The Seventh Treasure: An International Thriller
Reviewed by Tamra LeValley for Reader Views (9/13)
This thriller, “The Seventh Treasure” by Len Camarda, takes you on a quest that was started over 500 years ago with one family’s determination to take back what was once theirs. It started when Granada, Spain was taken over by the Christian sect and the Moors surrendered. Seven treasures were buried in the mountains in hopes that one day it could be used to take back the land and everything that had been built. Six of those treasures were found but one still remained. The death of a young woman and her brothers need to capture her killer unravels more than just a treasure hunt, but a global takeover.
Camarda did a great job of capturing my attention from the start but it soon fizzled out because the story was bogged down with too many details. I loved the general camaraderie of Gino and Mercedes, the two protagonists in the book; but after that, too many people were introduced in too much detail for me to keep them straight. The author also went into so many technical terms that it made me shake my head just trying to figure out why it was in the book. I believe the book could have shaved off a good 150 pages of unneeded information. There was also not enough action in the book to keep me interested. There was some in the beginning and just a wee bit at the end when they caught the bad guys.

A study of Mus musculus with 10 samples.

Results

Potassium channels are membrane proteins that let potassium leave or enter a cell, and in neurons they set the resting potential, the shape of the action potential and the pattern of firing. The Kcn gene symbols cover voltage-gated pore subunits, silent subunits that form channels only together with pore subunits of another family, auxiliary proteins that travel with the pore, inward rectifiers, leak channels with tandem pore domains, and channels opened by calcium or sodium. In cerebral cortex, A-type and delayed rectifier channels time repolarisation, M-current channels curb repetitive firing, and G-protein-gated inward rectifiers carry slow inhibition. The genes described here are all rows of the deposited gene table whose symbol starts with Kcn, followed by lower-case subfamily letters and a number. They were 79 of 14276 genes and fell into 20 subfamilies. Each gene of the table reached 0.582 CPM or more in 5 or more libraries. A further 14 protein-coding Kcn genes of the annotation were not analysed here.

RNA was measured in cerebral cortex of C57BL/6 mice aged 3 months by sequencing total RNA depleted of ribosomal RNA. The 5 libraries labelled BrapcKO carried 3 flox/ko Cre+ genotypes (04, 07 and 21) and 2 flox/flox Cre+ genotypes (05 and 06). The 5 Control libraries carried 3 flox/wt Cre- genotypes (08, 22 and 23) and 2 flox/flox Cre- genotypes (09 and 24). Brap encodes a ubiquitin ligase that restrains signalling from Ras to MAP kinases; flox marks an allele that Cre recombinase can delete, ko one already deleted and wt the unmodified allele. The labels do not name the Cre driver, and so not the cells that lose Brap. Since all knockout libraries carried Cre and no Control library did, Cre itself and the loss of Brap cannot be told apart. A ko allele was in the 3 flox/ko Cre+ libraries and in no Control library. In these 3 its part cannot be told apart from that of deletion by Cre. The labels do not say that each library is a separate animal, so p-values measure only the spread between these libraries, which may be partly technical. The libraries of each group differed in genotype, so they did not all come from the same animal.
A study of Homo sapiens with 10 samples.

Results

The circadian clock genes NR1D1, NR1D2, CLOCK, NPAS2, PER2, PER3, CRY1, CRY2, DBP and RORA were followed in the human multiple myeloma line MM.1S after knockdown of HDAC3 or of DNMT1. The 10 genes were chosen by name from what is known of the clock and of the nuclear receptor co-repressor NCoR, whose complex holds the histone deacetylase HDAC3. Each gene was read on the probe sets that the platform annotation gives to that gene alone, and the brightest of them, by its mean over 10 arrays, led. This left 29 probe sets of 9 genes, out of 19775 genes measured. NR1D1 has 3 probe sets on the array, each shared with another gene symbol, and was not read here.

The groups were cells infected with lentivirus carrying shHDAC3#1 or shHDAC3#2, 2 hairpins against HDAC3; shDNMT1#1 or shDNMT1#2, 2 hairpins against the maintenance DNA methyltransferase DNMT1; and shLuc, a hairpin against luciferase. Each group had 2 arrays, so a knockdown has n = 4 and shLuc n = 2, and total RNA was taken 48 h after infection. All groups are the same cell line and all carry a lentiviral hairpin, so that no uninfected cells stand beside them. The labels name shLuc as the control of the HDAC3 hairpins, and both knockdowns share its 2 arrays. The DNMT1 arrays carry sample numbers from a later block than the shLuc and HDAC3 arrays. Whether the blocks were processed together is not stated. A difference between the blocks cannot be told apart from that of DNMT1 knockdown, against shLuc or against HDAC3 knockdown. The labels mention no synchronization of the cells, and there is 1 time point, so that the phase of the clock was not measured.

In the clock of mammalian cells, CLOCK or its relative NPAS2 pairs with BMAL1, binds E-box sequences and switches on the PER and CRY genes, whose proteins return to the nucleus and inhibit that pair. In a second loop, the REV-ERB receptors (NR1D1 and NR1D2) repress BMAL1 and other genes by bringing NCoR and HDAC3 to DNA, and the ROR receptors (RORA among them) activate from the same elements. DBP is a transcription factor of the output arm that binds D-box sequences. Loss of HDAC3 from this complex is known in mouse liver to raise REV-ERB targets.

The book itself was very heavy and the pages were too thick. The font was perfect for reading any time of the day. The storyline of “The Seventh Treasure” by Len Camarda was really good and well thought out and I really appreciated that when a Spanish word was used, the author would put the English words in parentheses so I would know what he was trying to convey. It was also hard to believe that so many people were involved in gathering information for these two investigators that somehow the bad guys did not get wind of them until the end of the book. I believe that the author should rethink some of the in-depth writing, i.e., the banking systems set ups and procedures, each persons job title, what their job entails and their past accomplishments, etc... It just makes for boring reading.